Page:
By Veronica Pamoukaghlian, Senior Journalist
During the first half of 2015, 11 new countries have signed effective inter-governmental agreements (IGAs) with the US to reciprocally exchange information about offshore accounts. The new IGA signees include large financial markets like Qatar, South Korea, Colombia, and Iceland.
Recently, the signature of an agreement with the Vatican made headlines around the world. Regardless of the media hype, this particular IGA had more symbolic than financial value, because the Vatican is not a common choice for Americans to hide their assets abroad. In fact, only 1% of the Vatican bank´s 15,181 account-holders are U.S. citizens; a mere 150 people.
But the arm of the IRS is spreading far beyond the Vatican these days; far enough for certain groups of American expats to advocate the renunciation of citizenship in order to avoid US taxes and heavy retroactive fines.
As of today, 111 countries have signed IGAs or similar caliber agreements with the US. The majority of them were agreed upon last year. The IGAs signed in 2014 include large markets like Australia, Brazil, Canada, and Mexico. 2013 was also a significant year, as it saw the signature of the agreement with former fiscal paradises like Switzerland and Cayman Islands, and giants like Japan, France, and Germany. In short, the spread of FATCA has completely changed the landscape of international finance.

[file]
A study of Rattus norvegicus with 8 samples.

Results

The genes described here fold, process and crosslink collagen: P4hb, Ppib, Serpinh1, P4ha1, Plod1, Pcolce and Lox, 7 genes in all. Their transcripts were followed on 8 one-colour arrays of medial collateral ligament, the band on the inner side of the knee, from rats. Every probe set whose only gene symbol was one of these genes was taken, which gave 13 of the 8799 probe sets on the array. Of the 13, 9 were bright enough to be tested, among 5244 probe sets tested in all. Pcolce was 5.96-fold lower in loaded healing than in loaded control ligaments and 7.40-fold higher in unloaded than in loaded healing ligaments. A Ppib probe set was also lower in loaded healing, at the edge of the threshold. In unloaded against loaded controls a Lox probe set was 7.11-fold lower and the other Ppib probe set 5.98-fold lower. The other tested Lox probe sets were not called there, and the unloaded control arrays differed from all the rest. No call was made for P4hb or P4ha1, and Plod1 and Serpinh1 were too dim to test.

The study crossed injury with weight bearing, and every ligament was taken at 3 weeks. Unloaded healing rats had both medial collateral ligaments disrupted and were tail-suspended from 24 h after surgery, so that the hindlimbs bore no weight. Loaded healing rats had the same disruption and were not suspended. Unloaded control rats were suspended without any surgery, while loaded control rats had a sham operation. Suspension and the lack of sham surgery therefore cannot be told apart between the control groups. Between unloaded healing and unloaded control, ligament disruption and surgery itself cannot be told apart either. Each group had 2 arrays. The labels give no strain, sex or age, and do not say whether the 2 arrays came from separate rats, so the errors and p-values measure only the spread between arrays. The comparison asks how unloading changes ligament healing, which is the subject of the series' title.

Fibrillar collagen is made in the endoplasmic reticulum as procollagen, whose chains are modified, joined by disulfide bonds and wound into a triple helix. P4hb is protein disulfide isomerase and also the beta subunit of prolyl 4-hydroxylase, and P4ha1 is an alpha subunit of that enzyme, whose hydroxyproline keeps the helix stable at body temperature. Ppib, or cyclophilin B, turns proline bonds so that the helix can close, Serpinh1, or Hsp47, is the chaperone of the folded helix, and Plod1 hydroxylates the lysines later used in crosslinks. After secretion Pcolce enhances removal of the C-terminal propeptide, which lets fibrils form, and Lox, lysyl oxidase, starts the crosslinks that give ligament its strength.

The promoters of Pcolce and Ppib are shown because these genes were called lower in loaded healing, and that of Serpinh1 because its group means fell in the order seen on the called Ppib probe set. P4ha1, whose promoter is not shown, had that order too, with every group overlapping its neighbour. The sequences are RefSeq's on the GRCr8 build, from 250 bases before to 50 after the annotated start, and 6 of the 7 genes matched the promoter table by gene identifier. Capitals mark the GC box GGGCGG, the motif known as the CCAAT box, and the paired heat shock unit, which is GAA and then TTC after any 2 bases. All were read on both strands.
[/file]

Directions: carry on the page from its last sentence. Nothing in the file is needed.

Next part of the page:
The most recent IGA, signed by the US and South Korea, states that both countries “shall annually exchange” information about financial accounts “on an automatic basis.”
The information to be shared includes, among other items:
Name, address, and U.S. TIN of each U.S. person who is an account holder, account numbers, name and identifying number of the reporting financial institution, and account balance or value as of the end of the relevant calendar year, total gross amount of interest, the total gross amount of dividends, and the total gross amount of other income generated.
This is the standard basis of IGAs, which also include special protocols for sharing information in different scenarios, for example, when the account holder is not an individual but a company.
According to Ellen Zimiles,head of global investigations at Navigant Consulting, the amount of data financial institutions must provide to governments to comply with FATCA is so large that governments will have to create special data management systems to handle it.
If you have an account with a financial institution anywhere outside the US, the country in question may be getting ready to sign an IGA with the US at this very moment, if it hasn´t signed one yet. The Department of Treasury regularly updates the full list of compliant countries.
Whether an IGA is already signed or is in the works, this can mean that the IRS will soon obtain comprehensive information about your offshore accounts. Since FATCA is spreading so fast, the window to report foreign accounts voluntarily and reduce penalties is becoming narrower every day.
The best course of action at this time is to seek advice from an experienced tax attorney in order to establish which compliance strategy is best in order to minimize financial losses and avoid criminal charges.
We have helped numerous taxpayers across the United States and the world with foreign account reporting questions and amnesty filings.
For more information, contact attorney Bethany Canfield at or by telephone (414) 223-0464. Initial consultations are always without obligation or charge. Services available worldwide and many IRS foreign reporting services are available on a flat fee basis.